Vitamin D Deficiency and Electrocardiographic Subclinical Myocardial Injury: Results from National Health and Nutrition Examination Survey‐III
Clinical Cardiology, https://doi.org/10.1002/clc.23078
Muhammad Imtiaz Ahmad MBBS Parag Anilkumar Chevli MBBS Yabing Li MD Elsayed Z. Soliman MD, MSc, MS
Cardiovascular category starts with the following
- Overview Cardiovascular and vitamin D
- Hypertension and vitamin D
- Overview Metabolic Syndrome and vitamin D
- Overview Stroke and vitamin D
- Peripheral arterial disease risk is 1.5X higher if low vitamin D – meta-analysis March 2018
- Peripheral Arterial Disease 3.7 X more likely in diabetics with low vitamin D – June 2019
- Heart attack ICU costs cut in half by Vitamin D – Oct 2018
- Heart Failure and Vitamin D meta-analyses - 2016, 2019
- Cardiovascular death 1.5X more likely if less than 20 ng of Vitamin D – 22nd meta-analysis Nov 2019
- Vitamin D supplementation reduces many Cardiovascular Disease markers– meta-analysis July 2018
- Cardiovascular Prevention with Omega-3 (finally using high doses) – Sept 2019
- Higher Omega-3 index (4 to 8 percent) associated with 30 percent less risk of coronary disease (10 studies) July 2017
A poor Vitamin D Receptor can block Vitamin D in blood from getting to tissues
- Heart Failure 15X more likely if poor VDR, even if good level of vitamin D (China) – March 2019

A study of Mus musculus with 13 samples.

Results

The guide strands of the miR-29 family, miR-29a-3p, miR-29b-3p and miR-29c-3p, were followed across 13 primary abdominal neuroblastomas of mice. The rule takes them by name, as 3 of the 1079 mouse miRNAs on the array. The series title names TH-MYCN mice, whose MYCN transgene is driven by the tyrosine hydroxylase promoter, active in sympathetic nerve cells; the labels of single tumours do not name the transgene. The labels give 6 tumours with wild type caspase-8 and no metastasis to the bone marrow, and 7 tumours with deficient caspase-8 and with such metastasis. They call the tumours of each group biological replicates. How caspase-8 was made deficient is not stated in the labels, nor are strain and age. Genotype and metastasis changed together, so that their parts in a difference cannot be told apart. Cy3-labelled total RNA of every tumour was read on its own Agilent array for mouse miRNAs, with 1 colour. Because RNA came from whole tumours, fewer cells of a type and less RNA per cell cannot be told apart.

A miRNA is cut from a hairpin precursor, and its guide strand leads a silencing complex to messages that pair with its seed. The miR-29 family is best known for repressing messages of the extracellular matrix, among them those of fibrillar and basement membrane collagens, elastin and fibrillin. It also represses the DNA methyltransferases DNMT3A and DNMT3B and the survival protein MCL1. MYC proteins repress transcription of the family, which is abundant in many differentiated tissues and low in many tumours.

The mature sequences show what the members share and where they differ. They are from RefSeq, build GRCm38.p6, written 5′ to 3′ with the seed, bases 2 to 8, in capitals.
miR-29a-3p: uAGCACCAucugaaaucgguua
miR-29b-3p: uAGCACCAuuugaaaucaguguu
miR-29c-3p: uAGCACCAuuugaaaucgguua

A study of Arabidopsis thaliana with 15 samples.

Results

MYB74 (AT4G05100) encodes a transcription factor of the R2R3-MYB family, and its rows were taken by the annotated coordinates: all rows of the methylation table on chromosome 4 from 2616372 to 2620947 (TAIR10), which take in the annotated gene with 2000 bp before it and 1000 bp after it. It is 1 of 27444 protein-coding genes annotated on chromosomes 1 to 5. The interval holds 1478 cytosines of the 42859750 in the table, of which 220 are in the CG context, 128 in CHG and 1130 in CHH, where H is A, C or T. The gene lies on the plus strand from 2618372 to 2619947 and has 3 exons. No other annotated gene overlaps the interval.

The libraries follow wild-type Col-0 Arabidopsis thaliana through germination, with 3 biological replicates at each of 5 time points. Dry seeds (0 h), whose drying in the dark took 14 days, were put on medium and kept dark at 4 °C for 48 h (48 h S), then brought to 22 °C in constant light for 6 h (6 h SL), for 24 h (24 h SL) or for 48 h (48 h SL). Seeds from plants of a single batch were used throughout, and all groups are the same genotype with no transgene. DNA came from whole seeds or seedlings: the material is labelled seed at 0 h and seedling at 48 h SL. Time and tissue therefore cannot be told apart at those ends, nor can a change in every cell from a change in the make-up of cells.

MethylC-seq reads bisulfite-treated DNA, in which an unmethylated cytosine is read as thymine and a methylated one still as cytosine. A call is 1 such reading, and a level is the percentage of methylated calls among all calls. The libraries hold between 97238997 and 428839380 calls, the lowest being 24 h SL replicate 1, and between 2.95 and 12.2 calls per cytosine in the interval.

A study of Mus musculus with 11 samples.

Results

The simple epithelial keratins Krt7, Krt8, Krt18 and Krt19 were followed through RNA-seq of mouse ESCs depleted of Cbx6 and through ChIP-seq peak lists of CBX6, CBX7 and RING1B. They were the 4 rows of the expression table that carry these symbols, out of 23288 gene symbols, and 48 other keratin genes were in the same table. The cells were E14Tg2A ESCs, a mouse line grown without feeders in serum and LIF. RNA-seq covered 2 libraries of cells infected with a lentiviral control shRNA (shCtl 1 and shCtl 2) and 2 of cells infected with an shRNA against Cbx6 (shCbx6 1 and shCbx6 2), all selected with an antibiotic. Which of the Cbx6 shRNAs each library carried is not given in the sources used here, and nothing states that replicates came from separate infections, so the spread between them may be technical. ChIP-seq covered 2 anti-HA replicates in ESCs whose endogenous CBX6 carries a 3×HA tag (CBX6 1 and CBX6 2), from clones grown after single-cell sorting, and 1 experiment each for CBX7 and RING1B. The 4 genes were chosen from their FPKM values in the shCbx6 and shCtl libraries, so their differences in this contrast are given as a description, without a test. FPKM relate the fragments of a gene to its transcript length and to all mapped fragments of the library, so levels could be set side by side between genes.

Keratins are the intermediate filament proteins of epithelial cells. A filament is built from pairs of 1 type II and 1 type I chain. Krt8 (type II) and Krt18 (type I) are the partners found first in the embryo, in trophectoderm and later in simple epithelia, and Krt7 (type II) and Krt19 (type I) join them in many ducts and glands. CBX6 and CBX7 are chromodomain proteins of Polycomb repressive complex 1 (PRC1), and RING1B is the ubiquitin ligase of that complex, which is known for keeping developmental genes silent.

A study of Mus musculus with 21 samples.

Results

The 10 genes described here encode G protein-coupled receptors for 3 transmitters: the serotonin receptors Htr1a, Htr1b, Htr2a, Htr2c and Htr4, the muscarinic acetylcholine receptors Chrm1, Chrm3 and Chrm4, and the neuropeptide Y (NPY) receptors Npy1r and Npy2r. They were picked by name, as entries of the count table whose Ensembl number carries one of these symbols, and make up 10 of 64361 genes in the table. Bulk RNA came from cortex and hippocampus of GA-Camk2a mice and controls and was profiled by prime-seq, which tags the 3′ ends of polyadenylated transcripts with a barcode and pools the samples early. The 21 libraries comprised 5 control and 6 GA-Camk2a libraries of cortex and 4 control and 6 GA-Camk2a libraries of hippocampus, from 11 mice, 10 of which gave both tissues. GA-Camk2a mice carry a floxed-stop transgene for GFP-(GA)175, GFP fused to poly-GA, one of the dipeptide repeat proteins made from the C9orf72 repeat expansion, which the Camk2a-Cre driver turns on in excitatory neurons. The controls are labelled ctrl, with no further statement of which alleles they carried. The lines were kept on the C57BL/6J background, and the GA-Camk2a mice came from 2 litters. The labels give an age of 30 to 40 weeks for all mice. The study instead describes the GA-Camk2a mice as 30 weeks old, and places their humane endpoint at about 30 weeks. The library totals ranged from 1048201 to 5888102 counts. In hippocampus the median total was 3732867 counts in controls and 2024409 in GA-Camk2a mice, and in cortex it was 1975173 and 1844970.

- Coronary Artery Disease without diabetes 5 times more likely if VDR gene problems – meta-analysis May 2016
- Cholesterol is needed to produce both Vitamin D and Cortisol
- Overview Cholesterol and vitamin D
- Statins and vitamin D statins often reduce levels of vitamin D
- Statin side-effects are reduced by Vitamin D – US patent Application – April 2019
Association of cardiovascular disease (CVD) with non‐traditional risk factors such as vitamin D deficiency has been examined previously. An investigation of the association of vitamin D with subclinical myocardial injury (SC‐MI) based on an electrocardiographic score is a simple, cost‐effective and innovative way to explore this relationship.
This analysis included 6079 participants (58.3±13.1 years; 54.1% women) without CVD from NHANES III. A multivariable logistic regression model was used to examine the association between vitamin D categories (<20 ng/ml, 20‐29 ng/ml and >30 ng/ml(reference) and cardiac injury score (CIIS).
There was an incremental increase in the prevalence of SC‐MI across vitamin D categories with the highest prevalence in <20 ng/ml, followed by 20‐29 ng/ml and then >30 ng/ml (trend p‐value <.0001). There was a statistically significant association between vitamin D deficiency (<20 ng/ml) and SC‐MI (OR(95%CI): 1.27(1.04‐1.55), p = 0.04). This association was stronger in men than women (OR(95%CI): 1.74(1.32‐2.30) vs. 0.94(0.70‐1.25) respectively; interaction p‐value 0.002).
Vitamin D deficiency is associated with SC‐MI, especially in men. These findings may further highlight the role of non‐traditional risk factors in the development of CVD. The value of vitamin D supplementation in the prevention of myocardial ischemia and injury may warrant investigation.